LARAMIE -- The memories of a 19-point second-half collapse were still fresh.

Too fresh.

Wyoming was hammering away on its Border War rival 54-35 with roughly 14:00 to go. The Cowboys, who had won just six games all season up to that point, were making things look awfully easy that brisk February afternoon in Laramie.

That's when Colorado State got off the mat.

The Rams went on a 42-16 tear from that point forward and pulled away for the improbable 77-70 victory. The visitor's celebration was brief, but impactful. The few thousand in the arena seats were as stunned as the players.

Fast forward two weeks.

With 11:58 remaining on the clock in the opening round of the Mountain West Tournament, CSU's Adam Thistlewood drained a three-point shot to make it a two-point contest.

Again, the Cowboys watched a 16-point lead evaporate.

Only this time was different.

In that first matchup, Wyoming freshman Kwane Marble was solid. He snagged a team-best six rebounds and netted 12 points, though four of those came at the free-throw line.

In Sin City, the Denver product was like a different player all together.

He aggressively slashed his way through the lane, making acrobatic shots around the rim. He stepped out and sank 4-of-7 triples, too. He finished with a pair of steals and dished out two assists.

He was clearly the Cowboys best player on that night as the underdogs held off its biggest nemesis, 80-74, sending CSU and its NCAA Tournament hopes a one-way plane ticket to Denver International Airport.

"It was an awesome feeling," said Marble, who finished the night with a team-best 20 points en route to being named to the MW All-Tournament Team. "It felt great to go in and get revenge."

That was Marble's best performance in his early career. For one night at least. Less than 24 hours later, the guard scored 24 points in an even more surprising upset win over the league's No. 3 seed, Nevada.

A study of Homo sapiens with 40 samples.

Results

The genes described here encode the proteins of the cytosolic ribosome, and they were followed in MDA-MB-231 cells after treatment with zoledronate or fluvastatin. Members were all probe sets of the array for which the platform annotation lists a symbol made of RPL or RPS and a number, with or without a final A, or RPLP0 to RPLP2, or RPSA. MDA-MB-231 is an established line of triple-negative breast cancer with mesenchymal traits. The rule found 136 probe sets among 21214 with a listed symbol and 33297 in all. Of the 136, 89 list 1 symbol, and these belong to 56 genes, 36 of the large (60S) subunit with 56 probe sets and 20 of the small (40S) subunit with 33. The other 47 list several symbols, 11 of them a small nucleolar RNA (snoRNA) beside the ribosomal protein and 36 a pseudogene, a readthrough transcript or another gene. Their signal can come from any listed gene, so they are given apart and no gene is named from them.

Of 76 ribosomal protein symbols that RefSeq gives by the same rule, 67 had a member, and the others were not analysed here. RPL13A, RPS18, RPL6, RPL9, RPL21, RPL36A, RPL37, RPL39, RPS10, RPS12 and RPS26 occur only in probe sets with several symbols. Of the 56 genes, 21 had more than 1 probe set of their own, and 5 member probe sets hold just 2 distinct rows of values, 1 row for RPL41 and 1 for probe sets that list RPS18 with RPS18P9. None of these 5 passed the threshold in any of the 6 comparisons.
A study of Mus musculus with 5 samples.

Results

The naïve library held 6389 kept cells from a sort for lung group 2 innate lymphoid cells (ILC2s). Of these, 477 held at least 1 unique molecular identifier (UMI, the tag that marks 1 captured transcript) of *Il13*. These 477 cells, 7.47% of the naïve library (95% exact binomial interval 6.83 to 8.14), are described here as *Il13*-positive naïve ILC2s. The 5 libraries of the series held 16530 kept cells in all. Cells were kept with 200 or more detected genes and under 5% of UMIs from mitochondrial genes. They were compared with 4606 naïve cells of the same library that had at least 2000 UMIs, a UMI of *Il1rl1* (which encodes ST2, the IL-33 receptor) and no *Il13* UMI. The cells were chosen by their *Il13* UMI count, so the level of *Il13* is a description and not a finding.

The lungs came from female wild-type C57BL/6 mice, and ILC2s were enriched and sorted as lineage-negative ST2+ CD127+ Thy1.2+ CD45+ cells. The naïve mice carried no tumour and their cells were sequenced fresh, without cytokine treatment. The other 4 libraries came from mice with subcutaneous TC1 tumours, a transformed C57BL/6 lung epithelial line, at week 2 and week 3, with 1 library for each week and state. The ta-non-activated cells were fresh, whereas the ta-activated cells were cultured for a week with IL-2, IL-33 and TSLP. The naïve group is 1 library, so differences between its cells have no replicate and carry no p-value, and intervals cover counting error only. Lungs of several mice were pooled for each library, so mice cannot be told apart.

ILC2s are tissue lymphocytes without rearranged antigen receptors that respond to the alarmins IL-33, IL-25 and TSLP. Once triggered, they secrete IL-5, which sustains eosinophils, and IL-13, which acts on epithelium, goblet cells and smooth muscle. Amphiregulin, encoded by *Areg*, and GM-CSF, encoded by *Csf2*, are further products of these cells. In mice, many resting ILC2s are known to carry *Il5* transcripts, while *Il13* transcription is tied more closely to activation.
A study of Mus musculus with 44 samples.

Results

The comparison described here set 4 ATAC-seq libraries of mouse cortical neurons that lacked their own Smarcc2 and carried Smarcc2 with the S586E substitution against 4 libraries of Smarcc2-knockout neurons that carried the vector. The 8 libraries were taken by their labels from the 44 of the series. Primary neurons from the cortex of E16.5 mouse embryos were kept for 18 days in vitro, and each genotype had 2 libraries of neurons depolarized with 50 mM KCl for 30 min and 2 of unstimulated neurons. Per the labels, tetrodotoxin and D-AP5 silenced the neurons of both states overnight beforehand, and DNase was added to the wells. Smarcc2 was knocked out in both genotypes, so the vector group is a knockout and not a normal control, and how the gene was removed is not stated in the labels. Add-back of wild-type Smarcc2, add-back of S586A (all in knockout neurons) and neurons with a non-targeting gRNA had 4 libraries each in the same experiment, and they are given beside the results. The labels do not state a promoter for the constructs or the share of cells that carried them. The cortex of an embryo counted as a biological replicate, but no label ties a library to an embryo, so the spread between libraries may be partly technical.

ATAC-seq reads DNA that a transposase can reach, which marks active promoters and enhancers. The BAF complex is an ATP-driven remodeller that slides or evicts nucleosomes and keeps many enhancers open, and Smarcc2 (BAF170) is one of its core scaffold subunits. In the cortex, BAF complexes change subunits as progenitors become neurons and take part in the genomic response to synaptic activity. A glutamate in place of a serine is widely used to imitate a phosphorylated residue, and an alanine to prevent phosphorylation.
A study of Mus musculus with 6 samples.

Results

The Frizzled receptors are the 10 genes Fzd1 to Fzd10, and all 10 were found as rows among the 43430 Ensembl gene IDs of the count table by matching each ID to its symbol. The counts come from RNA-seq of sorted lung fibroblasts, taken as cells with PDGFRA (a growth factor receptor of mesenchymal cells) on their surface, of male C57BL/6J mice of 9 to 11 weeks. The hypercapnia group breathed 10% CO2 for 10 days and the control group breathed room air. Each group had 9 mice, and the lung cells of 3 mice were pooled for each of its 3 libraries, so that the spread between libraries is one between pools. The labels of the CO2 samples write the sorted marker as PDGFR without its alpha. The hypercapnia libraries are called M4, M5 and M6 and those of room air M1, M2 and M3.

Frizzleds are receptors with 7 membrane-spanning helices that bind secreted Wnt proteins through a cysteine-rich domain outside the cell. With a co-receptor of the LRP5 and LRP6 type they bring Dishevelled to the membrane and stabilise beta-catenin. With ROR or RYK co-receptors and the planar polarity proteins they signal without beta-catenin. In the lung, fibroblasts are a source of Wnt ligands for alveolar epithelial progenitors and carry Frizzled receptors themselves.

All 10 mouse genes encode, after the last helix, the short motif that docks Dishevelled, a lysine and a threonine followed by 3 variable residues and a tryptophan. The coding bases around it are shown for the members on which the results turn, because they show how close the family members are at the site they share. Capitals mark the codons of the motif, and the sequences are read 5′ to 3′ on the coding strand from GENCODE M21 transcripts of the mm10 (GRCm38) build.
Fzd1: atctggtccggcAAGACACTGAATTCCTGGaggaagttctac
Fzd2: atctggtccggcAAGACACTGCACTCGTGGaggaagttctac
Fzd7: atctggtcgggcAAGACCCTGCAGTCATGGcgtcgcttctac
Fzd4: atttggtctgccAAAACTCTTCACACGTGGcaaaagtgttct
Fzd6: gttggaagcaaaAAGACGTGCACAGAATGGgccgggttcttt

That was big, Marble said, but his game -- and swagger -- emerged against the Rams.

"It helped my confidence a lot," he said. "It was a breaking point for me, knowing CSU was a great team with wonderful players. (Isaiah) Stevens is phenomenal. Being able to go out there, on a neutral court, and beat them was very uplifting. It was a huge confidence builder."

Despite a 15-point outing in the semifinals, Wyoming fell one game short of the title game, losing to Utah State, 89-82.

Still, the foundation of what to come was laid out.

Would he reach his potential at Wyoming became the question after Allen Edwards was fired after the flight home from Las Vegas?

Jeff Linder was hired on St. Patrick's Day. With the COVID-19 pandemic starting to make its way across the country, the Cowboys new head man knew he had to get in one quick recruiting trip before the country would come to a stand still.

He needed to re-recruit the talent that was already on the roster.

"He told me 100-percent truth," Marble said of his first official visit with Linder at his home in Colorado. "He told me that within his system I'd get what I earned. He said nothing would be handed to you. I personally like that like. I like to be pushed every day, have goals and have someone settled for nothing less than my best."

Hunter Maldonado, Kenny Foster and Hunter Thompson bought the sales pitch, too.

Through 15 games, Marble is averaging 10.2 points per outing. He's pulling down more than four boards and shooting 46 percent from the field. Eight of those games have ended with Marble in double-figures scoring, despite missing the first two games of the year due to coronavirus quarantine protocols.

For the first time since that meeting last March, CSU is coming to town tonight for a 7 p.m. tipoff.

Once again, Wyoming will play the role of underdog.

Once again, Marble has plenty to prove.

CSU's head coach Niko Medved recruited Marble out of East High School in Denver. He was at Drake University then. When he got the gig in Fort Collins, Marble said communication was non-existent.

That adds just a little more juice for this game.

"When they got to CSU, they lost contact," he said. "I think it adds some animosity. I took it personal. They obviously believed I could play at this level. I take that personally and am working to prove I can."